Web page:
Deconvolution live-cell microscopy reveals the role of CDK1 kinase in regulating human chromosome-microtubule attachments

Abstract number
Presentation Form
Corresponding Email
[email protected]
Poster Session 1
Xinhong Song (1), Viji Draviam (1)
1. School of Biological and Chemical Sciences, Queen Mary University of London, London (UK)

high-resolution, time-lapse, deconvolution, Astrin, CDK1, Mps1, kinetochore

Abstract text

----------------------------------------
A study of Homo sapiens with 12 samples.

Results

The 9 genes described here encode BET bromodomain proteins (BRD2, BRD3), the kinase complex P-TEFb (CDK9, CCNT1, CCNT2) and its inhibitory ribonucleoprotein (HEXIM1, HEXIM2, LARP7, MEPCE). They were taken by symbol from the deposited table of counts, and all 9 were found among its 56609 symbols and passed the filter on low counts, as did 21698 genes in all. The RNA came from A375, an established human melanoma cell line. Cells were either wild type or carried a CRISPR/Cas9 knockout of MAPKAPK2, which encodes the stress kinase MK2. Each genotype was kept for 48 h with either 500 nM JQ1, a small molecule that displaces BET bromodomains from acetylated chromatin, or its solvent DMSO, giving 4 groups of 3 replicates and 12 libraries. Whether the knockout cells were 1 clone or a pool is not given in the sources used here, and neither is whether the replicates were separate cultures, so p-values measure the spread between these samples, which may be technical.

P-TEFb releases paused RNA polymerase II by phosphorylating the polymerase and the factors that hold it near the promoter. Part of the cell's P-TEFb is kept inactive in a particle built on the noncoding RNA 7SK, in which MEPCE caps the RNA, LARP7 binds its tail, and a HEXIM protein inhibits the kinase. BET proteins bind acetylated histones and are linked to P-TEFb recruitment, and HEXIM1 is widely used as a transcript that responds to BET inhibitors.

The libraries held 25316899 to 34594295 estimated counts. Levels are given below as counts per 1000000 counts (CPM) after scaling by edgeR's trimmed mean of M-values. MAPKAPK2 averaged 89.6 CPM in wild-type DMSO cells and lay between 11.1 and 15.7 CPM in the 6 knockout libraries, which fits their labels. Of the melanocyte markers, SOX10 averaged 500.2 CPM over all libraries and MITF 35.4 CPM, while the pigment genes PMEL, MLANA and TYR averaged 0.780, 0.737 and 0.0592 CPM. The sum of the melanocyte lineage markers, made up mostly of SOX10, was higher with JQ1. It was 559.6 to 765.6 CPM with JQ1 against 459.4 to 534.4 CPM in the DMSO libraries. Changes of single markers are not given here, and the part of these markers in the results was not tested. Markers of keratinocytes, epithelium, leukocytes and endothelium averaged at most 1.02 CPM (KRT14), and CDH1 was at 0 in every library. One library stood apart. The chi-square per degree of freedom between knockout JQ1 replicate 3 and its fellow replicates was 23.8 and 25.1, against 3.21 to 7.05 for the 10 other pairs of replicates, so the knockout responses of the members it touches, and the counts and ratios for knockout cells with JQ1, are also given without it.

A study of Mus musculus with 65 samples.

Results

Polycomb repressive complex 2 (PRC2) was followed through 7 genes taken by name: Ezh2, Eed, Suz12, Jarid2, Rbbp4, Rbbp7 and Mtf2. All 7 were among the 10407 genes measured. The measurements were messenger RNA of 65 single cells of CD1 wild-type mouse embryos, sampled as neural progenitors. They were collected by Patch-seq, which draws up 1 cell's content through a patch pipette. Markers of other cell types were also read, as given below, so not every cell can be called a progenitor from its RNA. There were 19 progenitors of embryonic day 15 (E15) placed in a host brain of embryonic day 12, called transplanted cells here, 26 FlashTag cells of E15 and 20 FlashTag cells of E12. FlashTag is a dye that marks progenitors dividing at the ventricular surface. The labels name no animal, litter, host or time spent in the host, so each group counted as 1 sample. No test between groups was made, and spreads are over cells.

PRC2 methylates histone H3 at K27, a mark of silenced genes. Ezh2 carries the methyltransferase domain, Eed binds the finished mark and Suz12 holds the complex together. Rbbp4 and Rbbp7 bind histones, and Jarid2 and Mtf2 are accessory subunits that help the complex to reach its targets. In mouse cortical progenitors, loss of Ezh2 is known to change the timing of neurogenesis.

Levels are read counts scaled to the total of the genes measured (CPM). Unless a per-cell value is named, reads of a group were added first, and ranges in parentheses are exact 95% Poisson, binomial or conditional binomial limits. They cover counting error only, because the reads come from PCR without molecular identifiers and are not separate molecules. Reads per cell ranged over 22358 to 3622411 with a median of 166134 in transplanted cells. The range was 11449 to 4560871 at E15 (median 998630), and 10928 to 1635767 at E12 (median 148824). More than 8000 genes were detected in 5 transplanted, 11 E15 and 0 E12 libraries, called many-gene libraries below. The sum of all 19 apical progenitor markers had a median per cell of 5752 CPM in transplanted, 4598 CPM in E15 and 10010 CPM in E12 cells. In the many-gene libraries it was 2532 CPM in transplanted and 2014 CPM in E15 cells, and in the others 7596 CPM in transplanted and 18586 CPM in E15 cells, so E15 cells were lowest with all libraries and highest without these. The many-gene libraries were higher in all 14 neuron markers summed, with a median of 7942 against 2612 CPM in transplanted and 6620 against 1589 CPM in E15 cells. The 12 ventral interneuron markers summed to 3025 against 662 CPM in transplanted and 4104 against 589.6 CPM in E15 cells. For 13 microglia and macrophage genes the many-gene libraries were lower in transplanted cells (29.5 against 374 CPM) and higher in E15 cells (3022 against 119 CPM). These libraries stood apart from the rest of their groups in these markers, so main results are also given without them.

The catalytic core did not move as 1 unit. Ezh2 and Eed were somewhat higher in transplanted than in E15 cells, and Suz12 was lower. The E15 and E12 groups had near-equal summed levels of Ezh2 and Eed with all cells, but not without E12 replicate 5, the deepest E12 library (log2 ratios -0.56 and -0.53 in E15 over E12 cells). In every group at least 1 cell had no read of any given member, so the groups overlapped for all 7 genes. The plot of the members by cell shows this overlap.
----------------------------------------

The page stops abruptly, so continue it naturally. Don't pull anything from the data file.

Bi-oriented attached chromosomes separate equally under the pulling force from opposing poles of the spindle; non-bioriented attachments are removed by Aurora-B mediated error correction pathway. But this opens a puzzle: before the formation of bi-oriented attachment, mono-oriented attachments should be protected from being destabilised by the error correction mechanism. However, how mature mono-oriented end-on attachment is recognised and preserved remains unclear. Tracking the dynamic localisation of the microtubule-associated protein, Astrin, with time-lapse deconvolution microscopy allows us to study the kinetochore composition and function. Quantitative analysis shows a distinct increase in the Astrin level on the mono-oriented end-on attached kinetochore following the inhibition of CDK1, a master mitotic kinase, independent of the error correction pathway mediated by Aurora-B. This suggests that CDK1 plays an important role in regulating outer kinetochore composition and mono-oriented attachment stability. What is more, unlike CDK1, the mitotic checkpoint complex member Mps1 does not regulate Astrin level at the end-on attached kinetochore. Here, we will present high-resolution 3D movie stills to show how the mitotic kinase CDK1, but not MPS1, negatively regulate Astrin recruitment at the kinetochore. The work provides insight into how cells protect the mature end-on kinetochore-microtubule attachment to ensure accurate chromosome segregation.